52 Weeks of Fantastic Bindings: Week 12
Francis Hutcheson presentation copies of Foulis Press works
In 1746, the moral philosopher Francis Hutcheson was given an honorary LL.D. by the University of St Andrews. Hutcheson was elected to the Chair of Moral Philosophy at the University of Glasgow in 1730 and was the first professor to give lectures in English at Glasgow and in Scotland. He is known as a great philosopher, scholar, teacher and one of the founding fathers of the Scottish Enlightenment.
After the honorary degree was conferred upon him, Hutcheson gave a gift of a series of classical texts printed by Robert Foulis (who was also one of Hutcheson’s students in the 1730s). This gift is recorded in the University minutes 13 August 1746 (pictured below):
“Mr. Tho. Craigy reported that he had in commission from Mr Hutcheson to offer in his name the following books in a present, which he hop’d the University would accept of as a testimony of his regard for the honour they had done him; the books were Demetrius Phalerius de Elocutione, Sophoclis [sic] Tragedies 2 vols, Marcus Antoninus Gr. & Lat., Aristoteles [sic] de Poetica & de Mundo, Aeschyli Tragedies 2 vols., Pindarus & Anacreon Gr. & Lat. 2 tomes, Ciceronis Quastiones Tusculane, Horatii Carmina, Xenophontis Hiero sive de Regno, & Theophrasti Characteres, Epicteti Enchiridion & Cebetis Tabula, all neatly bound in Red Turkie leather & guilt [sic] on the back. The University appoint a letter of thanks to be writ to Mr Hutcheson & the books to be entered in the Library, none of them to be lent out without the Universitie’s order …”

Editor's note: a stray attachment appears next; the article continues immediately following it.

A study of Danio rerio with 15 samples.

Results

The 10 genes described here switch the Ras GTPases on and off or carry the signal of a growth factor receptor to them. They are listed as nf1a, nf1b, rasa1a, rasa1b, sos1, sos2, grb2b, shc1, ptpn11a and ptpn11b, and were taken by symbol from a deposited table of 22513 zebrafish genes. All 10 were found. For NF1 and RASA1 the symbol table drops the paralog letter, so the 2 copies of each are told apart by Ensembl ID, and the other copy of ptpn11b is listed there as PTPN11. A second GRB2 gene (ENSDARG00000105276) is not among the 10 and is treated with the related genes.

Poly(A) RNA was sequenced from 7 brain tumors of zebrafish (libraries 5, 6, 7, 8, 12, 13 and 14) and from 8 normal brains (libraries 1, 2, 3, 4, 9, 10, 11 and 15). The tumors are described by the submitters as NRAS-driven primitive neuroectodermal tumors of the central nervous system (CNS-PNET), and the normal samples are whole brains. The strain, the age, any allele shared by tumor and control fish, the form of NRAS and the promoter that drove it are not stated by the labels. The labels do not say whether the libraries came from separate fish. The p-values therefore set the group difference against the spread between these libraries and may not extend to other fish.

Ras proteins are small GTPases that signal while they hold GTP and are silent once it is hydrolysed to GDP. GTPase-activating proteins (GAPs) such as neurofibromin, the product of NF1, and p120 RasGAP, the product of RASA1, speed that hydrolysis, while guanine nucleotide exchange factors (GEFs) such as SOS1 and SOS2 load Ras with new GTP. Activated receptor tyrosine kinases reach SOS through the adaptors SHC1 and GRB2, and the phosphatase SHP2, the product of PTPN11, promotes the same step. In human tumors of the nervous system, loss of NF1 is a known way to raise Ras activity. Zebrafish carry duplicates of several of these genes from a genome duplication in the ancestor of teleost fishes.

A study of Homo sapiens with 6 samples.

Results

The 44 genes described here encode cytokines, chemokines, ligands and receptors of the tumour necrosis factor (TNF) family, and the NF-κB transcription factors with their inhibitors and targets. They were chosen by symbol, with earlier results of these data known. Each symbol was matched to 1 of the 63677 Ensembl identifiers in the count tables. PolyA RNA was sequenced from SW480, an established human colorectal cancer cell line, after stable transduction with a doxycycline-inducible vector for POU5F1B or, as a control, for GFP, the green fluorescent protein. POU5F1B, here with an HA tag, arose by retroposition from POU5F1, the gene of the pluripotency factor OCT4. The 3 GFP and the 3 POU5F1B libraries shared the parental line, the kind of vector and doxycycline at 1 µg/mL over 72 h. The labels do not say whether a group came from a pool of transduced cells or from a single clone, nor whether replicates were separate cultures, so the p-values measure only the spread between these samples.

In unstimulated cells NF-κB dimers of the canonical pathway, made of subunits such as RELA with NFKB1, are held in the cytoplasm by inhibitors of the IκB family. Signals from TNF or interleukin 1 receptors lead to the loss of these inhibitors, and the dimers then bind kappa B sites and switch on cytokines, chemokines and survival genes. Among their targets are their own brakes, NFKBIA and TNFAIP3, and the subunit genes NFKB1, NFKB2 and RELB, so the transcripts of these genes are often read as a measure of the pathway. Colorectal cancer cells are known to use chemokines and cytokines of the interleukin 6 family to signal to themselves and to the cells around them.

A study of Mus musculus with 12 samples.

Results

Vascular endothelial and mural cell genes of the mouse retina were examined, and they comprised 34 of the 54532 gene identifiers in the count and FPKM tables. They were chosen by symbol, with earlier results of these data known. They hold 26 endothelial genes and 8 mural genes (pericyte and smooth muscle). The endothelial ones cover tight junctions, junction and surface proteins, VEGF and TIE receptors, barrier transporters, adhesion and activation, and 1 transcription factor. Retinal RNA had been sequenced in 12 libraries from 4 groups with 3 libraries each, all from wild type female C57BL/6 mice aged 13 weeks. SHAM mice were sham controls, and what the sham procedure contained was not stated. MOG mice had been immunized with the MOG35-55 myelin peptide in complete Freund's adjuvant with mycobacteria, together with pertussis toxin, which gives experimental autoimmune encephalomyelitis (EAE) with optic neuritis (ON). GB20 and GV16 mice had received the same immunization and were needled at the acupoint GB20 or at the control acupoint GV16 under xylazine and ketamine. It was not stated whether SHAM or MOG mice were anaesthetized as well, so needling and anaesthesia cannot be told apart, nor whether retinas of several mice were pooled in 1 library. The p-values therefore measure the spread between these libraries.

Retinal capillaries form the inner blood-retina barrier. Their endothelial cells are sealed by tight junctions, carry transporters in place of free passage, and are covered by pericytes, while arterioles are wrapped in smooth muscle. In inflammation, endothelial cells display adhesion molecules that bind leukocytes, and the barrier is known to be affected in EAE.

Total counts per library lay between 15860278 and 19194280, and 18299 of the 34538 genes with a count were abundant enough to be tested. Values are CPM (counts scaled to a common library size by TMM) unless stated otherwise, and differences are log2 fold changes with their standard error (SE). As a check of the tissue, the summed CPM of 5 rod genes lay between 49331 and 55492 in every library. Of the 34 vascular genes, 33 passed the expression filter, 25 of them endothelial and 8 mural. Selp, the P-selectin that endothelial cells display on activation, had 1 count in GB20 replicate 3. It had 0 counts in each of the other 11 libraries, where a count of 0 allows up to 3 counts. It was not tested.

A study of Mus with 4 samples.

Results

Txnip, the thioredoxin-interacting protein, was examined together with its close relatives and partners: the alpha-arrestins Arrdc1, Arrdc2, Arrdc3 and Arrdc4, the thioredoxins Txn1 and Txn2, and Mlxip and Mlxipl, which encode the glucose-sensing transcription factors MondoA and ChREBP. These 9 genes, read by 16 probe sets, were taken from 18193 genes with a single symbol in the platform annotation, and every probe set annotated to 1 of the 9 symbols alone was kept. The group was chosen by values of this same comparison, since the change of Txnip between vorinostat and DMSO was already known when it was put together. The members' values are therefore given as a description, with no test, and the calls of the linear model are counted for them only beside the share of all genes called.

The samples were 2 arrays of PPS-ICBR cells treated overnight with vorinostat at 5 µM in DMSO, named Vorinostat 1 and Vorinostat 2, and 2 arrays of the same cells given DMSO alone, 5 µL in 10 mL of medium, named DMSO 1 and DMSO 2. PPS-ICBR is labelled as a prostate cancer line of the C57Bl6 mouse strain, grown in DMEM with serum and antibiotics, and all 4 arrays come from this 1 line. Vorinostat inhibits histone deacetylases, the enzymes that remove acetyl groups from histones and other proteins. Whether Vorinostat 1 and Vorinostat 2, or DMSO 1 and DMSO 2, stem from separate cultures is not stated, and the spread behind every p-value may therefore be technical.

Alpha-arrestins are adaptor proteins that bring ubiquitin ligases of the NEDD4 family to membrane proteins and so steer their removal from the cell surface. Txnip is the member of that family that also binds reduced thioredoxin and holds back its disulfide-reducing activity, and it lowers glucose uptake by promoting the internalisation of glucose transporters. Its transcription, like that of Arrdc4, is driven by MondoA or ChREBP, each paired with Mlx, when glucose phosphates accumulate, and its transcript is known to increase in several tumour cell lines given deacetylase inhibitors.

– Minutes of the Senatus Academicus (UYUY452/5/80-81)
So far, the only item from this list that we have not been able to track down is Hutcheson’s copy of Horace’s Odes, which is presumably the 1744 Foulis “Immaculate” Horace, of which we have another copy (which itself is bound beautifully with contemporary Dutch gilt endpapers). Although varying in size, all of these books were uniformly bound in contemporary red calf on boards, with gold tooled board edges and gilt fore-edges, and with raised bands and with gold tooled spine panels. The endpapers have all been painted orange with a gilt stencilled leaf or Maltese cross pattern applied, bearing a similarity the popular Dutch gilt papers found in Scotland around the same time. This set, along with the University’s records kept in the Muniments Archive, illustrate a wonderful narrative of how these beautifully printed and bound books came into the University’s collection.